How To Know What Glass Is Right For Your Beer

Shannon Mulligan, our resident marketing specialist/ beer aficionado, shares her tips on picking the perfect glass for your favourite brew.



To start things off, there’s no wrong glass for your beer. Whether it’s
made of expensive crystal and will only release the beer to a hand matching
your fingerprints exactly, or it has
Dora the Explorer decals on it because it’s the only clean cup in your house,
as long as it holds your beer, it works. And for those of you who enjoy
drinking straight from the can or bottle, hey, we’ve all been there.

But there are benefits of having the proper
glassware for your beer style. Of course, a big part of it is finding out which
shape and size work best for you, but different styles and shapes are meant to
enhance different aspects of your beer. Ben Johnson did a great review over on
his blog
that can be summed up nicely in one sentence: “[Proper] glasses won’t make a
bad beer good…  but they will make
drinking a great beer better.” (Author’s note: Ben Johnson did not pay me to
promote his blog, however, I am open to it if he wants to slip me $20 bucks

Here’s a couple things to think about when
selecting what beer glass to pour your favourite brew into:


Whether it’s a chocolate brown stout with
hints of ruby, or an unfiltered lemony hefeweizen, #allbeerisbeautiful (now
trending on Twitter, at least on my feed). A clean, clear glass will showcase
the delicate colours. And as an added bonus, is there anything more satisfying
than when your flight of beer arrives and every one is different? Probably,
yes, but for the sake of this post, no. This is the most beautiful thing in the

Companies like
Bru-V have created an amber glass that prevents light from entering your
beer, which can be harmful to the flavour and cause your beer to go skunky. A
great invention, but in my world, if you’re leaving your beer out long enough
for UV rays to affect it, I’ve already drank it for you.


Perhaps the biggest thing to affect your
beer, the shape of the glass is important. Let’s start with the lip of the
beer, where you’re sipping the good stuff from. Some beers glasses will taper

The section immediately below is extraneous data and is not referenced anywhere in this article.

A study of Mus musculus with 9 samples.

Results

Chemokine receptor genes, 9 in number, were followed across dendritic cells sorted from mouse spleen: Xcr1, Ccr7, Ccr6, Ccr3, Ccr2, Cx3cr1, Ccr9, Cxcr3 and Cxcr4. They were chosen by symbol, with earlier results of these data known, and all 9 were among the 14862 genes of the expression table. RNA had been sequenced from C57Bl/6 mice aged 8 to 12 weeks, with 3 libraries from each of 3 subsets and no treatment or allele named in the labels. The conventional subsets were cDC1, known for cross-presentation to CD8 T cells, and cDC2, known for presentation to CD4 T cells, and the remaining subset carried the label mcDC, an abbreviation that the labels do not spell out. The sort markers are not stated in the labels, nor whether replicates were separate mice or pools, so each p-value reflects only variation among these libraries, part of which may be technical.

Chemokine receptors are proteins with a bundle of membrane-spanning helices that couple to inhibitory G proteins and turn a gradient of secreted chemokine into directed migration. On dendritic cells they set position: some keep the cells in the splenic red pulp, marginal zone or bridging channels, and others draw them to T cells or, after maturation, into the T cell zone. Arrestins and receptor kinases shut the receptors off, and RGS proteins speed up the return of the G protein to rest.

outwards, like a tulip glass. That helps provide stability for a nice, foamy
head (because about two inches of head in your beer is great for aroma, and you
don’t actually want your beer poured right to the rim. But you already knew
that, right?). Foam helps you to get more aromatics from your beer, which can
actually improve the flavour, since about 80% of what we taste actually comes
from what we smell. Science!

Other beer glasses, like the snifter glass
style that we use for some of our bigger beers, like Double Chocolate Cranberry
Stout, taper inwards. They have a big, round base that’s great for swirling.
While this is actually to help release new aromas from a beer as it warms up
(chocolate stouts and Belgian styles are great for this), it has the added
benefit of making you look like a rich Bond villain.


Nucleation is a very cool sounding word
that translates to, “You know, those bubbles that are in your beer and fun to
watch dance, like little carbonated ballerinas.” It occurs naturally,
especially in higher carbonated beers, like pilsners and lagers, and can be
increased by etching the bottom of a glass. It helps with carbonation, and
gives you a better beer experience. It can also sometimes come in cool designs,
in case you needed another reason to finish your beer and check out the bottom
of your glass.

In short, there are a lot of different beer
glasses out there. Whether you’re happy drinking out of the branded Muskoka
glass you stole from your favourite bar (uh, we do sell them guys. Stealing is
wrong), or you’re willing to shell out for a set of matching glassware for
every style of beer, it’s a personal choice. As long as the beer you’re
drinking tastes good to you, you’re doing something right. Now if you’ll excuse
me, I’m going to drink our latest Moonlight Kettle release out of the “Best at
Crafts” stein I won in university.


How To Properly Store Your Glassware

1. Don’t stack your glasses. Water
and bacteria can become trapped in between them, and it can increase breakage

2. Ensure your glassware is
properly dried. Watermarks leave streaks that can affect visibility, and it can
cause bacteria

3. Even though Pinterest might
disagree, store your glasses in a cupboard, not open on a shelf, where they’ll
easily get dusty

4. Don’t freeze your glassware
before pouring your beer. When your beer hits the frost, it creates
condensation and changes the taste of your beer. It’s also a breeding ground
for bacteria (yes, bacteria is everywhere)

(photo 1 credit: Danielle Meredith Photography

Ryan Payne
[email protected]

Fireside Stay Connected
Sign up for Fireside to receive our newsletter with the latest creations, events, contests and more!